Top 10 Worst Songs

  • “Hula Hoop,” OMI

    The follow-up to the No. 1 smash “Cheerleader” is actually pretty catchy, but it’s such a shameless carbon copy of its predecessor that it’s practically an insult to the listening public’s intelligence. Any mo-tee-vay-shan to keep listening is gone by the time the saxophone comes in.

  • “AhHa,” Nate Ruess

    This track could secretly be the best song of the year, but we wouldn’t know for sure—we’ve never been able to make it past the first few seconds of the fun. frontman coughing out vowel sounds like he was trying to clear his throat.

  • “Pretty Girls,” Britney Spears and Iggy Azalea

    These days, Spears is focusing all of her energies on her Las Vegas residency. Good for her! But bad for anyone listening to this overbearing instrumental track she decided to (or was told to) diffidently talk over. Iggy Azalea doesn’t have a stage show she can blame her weak verse on, but why blame her at all? This may come to be seen as a precious testament to what, exactly, was so maddening about the Australian rapper’s affectless delivery during her career.

  • “Better When I’m Dancin’,” Meghan Trainor

    The “Peanuts” franchise’s wistful vision of childhood as an endless string of indignities colored by moments of grace has been beloved for generations. Who better to bring it into the world of music than the “All About That Bass” songbird? Trainor’s Peanuts Movie theme song has as little to do with the franchise as any other song this side of “Hotline Bling:” worse yet, its lyrics’ attitude of high-spirited joy aren’t matched by a blandly indifferent delivery.

  • “Focus,” Ariana Grande

    “Focus” has just about everything except—what’s the word?—a certain sort of sustained attention to detail. Grande’s vocals are dwarfed by too-big instrumentals, just as they’d been in “Problem” and “Break Free,” but at least those songs had a sustaining energy. Here, we jump from Grande’s vocals to a chorus comprised of, strangely enough, Jamie Foxx screaming “F-f-focus on me” as though through gritted teeth. Coming off her donut scandal, Grande needed a tightly constructed, elegant hit, and this isn’t it: How exactly are we supposed to focus on anything in a song this scattershot?

  • “Downtown,” Macklemore & Ryan Lewis

    Macklemore struck back against his critics—those who’ve said he’s just playing at being a rapper—with a song in which he raps about riding mopeds. Late in the song (after guest vocalist Eric Nally’s laughably impassioned, context-free singing about being “downtown”), Macklemore says, “It’s me, the M, the A-C, the K.” No surprise: who else could ever have been so corny?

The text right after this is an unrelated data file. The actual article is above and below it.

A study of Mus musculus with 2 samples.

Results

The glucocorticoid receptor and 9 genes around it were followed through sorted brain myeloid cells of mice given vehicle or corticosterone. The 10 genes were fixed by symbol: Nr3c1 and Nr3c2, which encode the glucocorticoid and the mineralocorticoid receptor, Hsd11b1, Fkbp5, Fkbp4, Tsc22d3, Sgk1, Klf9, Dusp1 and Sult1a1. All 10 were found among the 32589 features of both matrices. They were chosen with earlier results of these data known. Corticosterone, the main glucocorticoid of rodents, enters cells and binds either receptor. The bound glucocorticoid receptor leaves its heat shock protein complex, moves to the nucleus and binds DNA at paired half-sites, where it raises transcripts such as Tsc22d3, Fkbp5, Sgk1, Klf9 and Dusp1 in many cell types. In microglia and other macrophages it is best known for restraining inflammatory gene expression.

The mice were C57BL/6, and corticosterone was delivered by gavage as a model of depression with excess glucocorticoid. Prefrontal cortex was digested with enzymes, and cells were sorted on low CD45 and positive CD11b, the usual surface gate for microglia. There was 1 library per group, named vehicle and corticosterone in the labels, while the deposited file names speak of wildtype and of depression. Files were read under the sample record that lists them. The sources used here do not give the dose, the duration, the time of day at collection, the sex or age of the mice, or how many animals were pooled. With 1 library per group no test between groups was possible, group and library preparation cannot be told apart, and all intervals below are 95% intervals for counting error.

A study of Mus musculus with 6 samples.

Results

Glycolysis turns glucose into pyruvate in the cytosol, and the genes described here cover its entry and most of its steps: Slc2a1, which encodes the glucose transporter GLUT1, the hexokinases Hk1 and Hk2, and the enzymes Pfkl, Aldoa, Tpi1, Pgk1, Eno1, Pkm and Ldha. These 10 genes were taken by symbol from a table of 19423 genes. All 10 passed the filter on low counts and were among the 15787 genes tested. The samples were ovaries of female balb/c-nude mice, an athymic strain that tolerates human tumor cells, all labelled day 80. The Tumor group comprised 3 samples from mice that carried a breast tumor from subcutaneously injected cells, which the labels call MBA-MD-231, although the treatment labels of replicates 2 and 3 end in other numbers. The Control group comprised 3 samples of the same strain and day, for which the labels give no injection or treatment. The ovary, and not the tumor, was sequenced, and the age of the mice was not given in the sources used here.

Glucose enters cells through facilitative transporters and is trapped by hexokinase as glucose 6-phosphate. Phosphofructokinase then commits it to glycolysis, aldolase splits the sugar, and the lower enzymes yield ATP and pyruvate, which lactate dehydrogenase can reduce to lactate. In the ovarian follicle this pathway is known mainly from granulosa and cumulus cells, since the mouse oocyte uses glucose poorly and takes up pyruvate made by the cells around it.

• “Daddy,” Psy (feat. CL of 2NE1)

    “Daddy,” the recent single by South Korean musician PSY, of “Gangnam Style” fame, may be timely—it celebrates the phenomenon of “dad bod” popularized in a viral essay this year—but that’s about the only thing it has going for it. When divorced from the absurdly entertaining visuals of its slapstick video, all that’s left is a generic dance song with uninspired lyrics: “You be my curry, I’ll be your rice,” PSY offers. Thanks, but we’re not hungry.

  • “Hey Everybody,” 5 Seconds of Summer

    Not to invoke a rivalry or anything, but at least when One Direction mined the pop sounds of decades past for inspiration, they never had to share a writing credit with the band they were aping. If the Australian quartet really wanted to send Duran Duran some royalty checks, they should have just covered “Hungry Like the Wolf” instead of coming up with this uninspiring imitation.

  • “Marvin Gaye,” Charlie Puth featuring Meghan Trainor

    After hearing the cringe-worthy line “Let’s Marvin Gaye and get it on,” you’ll wonder why the Gaye estate didn’t also sue these two in addition to the “Blurred Lines” guys. Surely Puth has done more harm to the soul icon’s legacy with a lyric like that? It’s telling that Meghan Trainor, no stranger to this list, is actually the song’s redeeming quality.

  • “Robin Williams,” CeeLo Green

    There’s something pretty sad about trying to profit off the memory of the late Robin Williams while using his suicide for your own spiritual journey, as CeeLo does here: “We don’t know what the next man’s going through … life reminds me of Robin Williams / we’ve got to laugh the pain away.” It’s even worse when you consider that CeeLo probably hoped the song would improve his public image following last year’s egregious tweets about rape and consent.